For people that have passed the CompTIA Security+ exam, the new issue is how to maintain your CEUs to maintain your certification. Though there are multiple methods for that process, I chose to host my own free, 7- week, once a week, online cybersecurity class this summer through a local nonprofit called LVL1 Hackerspace. Teaching a class of my own helped me learn things about myself. Here are some of the lessons that resulted for me:
Your first class is probably the most important
Many people come to a free class because they are curious about the class, but if they don’t feel engaged they may not return. Many people get more from a class if they pay money to attend. Psychologically, a free class has little worth compared to a class that you paid for.
Even if you are interested in the topic and the class is high quality, if you did not pay for the class, you might not feel invested in staying for all the sessions. Life gets in the way.
Even though I knew that my free class might have a lot of “no-shows” I decided to keep the class free anyway. I also continued to admit new people to the class throughout the 7 weeks I had the sessions so that more people could be exposed to the materials.
Preparing the materials for the class helps you review
I spent some time preparing slides for the classes I was going to teach, but I also included supplementary information in an online Google doc folder for people to read on their own.
I found this helped me organize everything in a way that would be helpful to most students. I started by having slides with a lot of words on them. People were not enjoying those slides. The text was not interesting for most students so then I switched my strategy.
I included a lot more visualizations and youtube videos for them to watch and to go over in class. Most importantly, I let the students know that I was not an expert and not working in the cybersecurity field but I wanted to help them learn. I was willing to find helpful links and videos to answer their questions.
Teaching online comes with its own set of challenges, but also perks
While teaching online I found that most people turned off their videos and tuned out. Some of the most motivated students found a way to work in the classes around their busy schedules. One of the most dedicated students opened the zoom app on his phone and listened to the class lectures while he was driving at work. I would never have known this until one day he decided to turn his video on.
He kept his eyes on the road the whole time, but intently listened as I explained topics with the help of youtube videos on cybersecurity. It did not bother me so much that people jumped in and out of the zoom meeting all the time. People came late and left early, but if that concerns you, it might be best to hold your class in person.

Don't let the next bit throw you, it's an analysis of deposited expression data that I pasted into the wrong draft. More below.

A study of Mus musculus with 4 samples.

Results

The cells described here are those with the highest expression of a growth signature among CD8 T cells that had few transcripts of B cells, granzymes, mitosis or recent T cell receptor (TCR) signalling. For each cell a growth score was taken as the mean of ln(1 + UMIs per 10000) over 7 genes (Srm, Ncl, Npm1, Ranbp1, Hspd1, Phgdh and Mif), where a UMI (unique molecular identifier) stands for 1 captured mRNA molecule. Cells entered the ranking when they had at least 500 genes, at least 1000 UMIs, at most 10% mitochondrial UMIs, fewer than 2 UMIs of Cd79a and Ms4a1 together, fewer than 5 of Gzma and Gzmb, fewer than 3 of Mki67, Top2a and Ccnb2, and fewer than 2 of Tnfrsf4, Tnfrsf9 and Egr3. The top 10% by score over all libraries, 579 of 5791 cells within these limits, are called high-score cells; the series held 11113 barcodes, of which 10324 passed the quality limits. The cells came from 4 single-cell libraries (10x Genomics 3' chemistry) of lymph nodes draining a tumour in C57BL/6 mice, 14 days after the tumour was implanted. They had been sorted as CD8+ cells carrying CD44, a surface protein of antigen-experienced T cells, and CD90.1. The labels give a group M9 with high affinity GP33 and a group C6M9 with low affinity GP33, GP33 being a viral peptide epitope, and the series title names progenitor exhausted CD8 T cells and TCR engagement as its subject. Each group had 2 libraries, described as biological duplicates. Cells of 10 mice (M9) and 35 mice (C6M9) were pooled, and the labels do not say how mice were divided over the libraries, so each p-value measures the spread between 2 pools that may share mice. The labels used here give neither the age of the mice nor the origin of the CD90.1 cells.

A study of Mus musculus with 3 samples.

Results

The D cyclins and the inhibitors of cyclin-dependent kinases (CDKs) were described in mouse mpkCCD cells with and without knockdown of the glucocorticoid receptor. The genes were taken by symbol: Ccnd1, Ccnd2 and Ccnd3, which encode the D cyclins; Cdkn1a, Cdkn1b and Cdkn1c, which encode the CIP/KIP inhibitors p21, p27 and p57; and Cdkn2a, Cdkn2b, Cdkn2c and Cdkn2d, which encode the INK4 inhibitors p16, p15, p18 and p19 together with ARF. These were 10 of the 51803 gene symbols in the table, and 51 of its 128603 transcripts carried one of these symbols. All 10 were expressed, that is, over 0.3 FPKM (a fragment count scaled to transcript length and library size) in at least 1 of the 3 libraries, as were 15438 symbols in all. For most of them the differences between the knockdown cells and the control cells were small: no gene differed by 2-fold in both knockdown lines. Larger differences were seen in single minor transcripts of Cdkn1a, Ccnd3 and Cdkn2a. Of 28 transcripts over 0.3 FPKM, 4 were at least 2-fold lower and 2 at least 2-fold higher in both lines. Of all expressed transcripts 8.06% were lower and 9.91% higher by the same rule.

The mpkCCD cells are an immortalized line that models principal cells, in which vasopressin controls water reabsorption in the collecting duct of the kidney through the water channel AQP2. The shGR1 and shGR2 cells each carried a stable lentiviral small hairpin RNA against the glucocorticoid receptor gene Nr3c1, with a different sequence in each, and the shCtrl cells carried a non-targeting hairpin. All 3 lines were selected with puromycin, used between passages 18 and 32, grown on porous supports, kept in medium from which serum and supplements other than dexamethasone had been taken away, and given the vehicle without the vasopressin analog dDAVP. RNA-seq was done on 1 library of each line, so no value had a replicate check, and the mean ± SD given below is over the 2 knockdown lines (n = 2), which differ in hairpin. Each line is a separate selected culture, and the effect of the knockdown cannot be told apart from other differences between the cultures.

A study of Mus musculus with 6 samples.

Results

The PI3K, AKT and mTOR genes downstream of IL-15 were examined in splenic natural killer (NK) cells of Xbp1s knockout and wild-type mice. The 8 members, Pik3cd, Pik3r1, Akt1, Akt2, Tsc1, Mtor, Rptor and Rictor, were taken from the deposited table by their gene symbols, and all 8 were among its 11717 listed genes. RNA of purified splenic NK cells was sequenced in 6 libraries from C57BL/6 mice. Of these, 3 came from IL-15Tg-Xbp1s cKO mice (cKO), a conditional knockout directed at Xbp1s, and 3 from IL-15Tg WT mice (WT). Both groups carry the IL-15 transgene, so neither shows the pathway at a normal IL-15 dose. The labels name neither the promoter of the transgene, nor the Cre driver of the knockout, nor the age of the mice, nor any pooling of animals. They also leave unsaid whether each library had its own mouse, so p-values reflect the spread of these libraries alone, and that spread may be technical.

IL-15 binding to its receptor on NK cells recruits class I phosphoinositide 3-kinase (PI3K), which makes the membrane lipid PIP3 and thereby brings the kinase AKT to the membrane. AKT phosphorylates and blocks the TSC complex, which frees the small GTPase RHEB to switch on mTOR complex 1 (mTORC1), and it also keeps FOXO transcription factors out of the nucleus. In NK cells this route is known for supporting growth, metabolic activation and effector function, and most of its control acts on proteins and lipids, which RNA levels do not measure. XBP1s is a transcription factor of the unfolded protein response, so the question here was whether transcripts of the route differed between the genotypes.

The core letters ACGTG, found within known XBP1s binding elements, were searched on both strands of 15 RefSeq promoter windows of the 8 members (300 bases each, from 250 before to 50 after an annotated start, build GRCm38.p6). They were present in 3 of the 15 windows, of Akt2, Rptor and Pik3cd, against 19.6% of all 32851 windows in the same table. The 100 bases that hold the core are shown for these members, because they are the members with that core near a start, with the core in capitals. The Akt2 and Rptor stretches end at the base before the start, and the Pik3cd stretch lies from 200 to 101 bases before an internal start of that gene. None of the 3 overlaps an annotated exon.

As long as one person decided to stay for the class session, I held class. Because I held this class online, people from other states were able to join. It was very convenient for reaching people from different walks of life.
You can only get better.
My first cybersecurity class coincided with my first experience teaching online. Some people might think it was highly chaotic, but I learned a lot during my teaching. I am so glad I took the time to volunteer and make the offering free. There was no monetary reward from helping others, but 2-3 of my best students really impressed me with their drive and dedication.
If I helped just one person, this was totally worth it. Now, I have learned to improve so many things if I want to teach again. It was, at times, a cringe-worthy experience, but one I am glad I did. It also brought me closer to local cybersecurity leaders that I asked for advice and support. Some leaders even came to my last class to help answer student questions about careers. This was a great value!
Don’t take things personally.
You never know what people are going through, so be kind. I know many people who signed up for my class did not end up being consistent with it. I guess, I could have taken that personally or felt bad about mistakes I made in the first class. But putting it all in perspective, I see that 7 weeks is a large commitment for people, I would not want anyone in the class that did not want to be there.
You will be glad you tried.
I am so glad I tried this. I never had done cybersecurity teaching as a hobby or volunteer event until this class. I am learning that I like volunteer work that stretches me and gives me new skills that I could later apply in other areas of my life. It was really ambitious of me to create a 7-week class based on passing Security+, but I learned so much from the process. It was definitely an opportunity disguised as hard work.
Your class is important to some students.
Some of the students that liked my teaching style and found benefit in my class really inspired me as well. I felt so honored that I could deliver something helpful for some students. This experience helped me see that I can try something new. I hope all of the students succeed.
Consider teaching your own class after you pass CompTIA Security+. You will learn much from the experience. Additionally, you will help others gain valuable skills. Furthermore, this will indirectly improve your managerial and mentoring skills if you teach. Finally, teaching will help you build credibility and trust with the cybersecurity industry.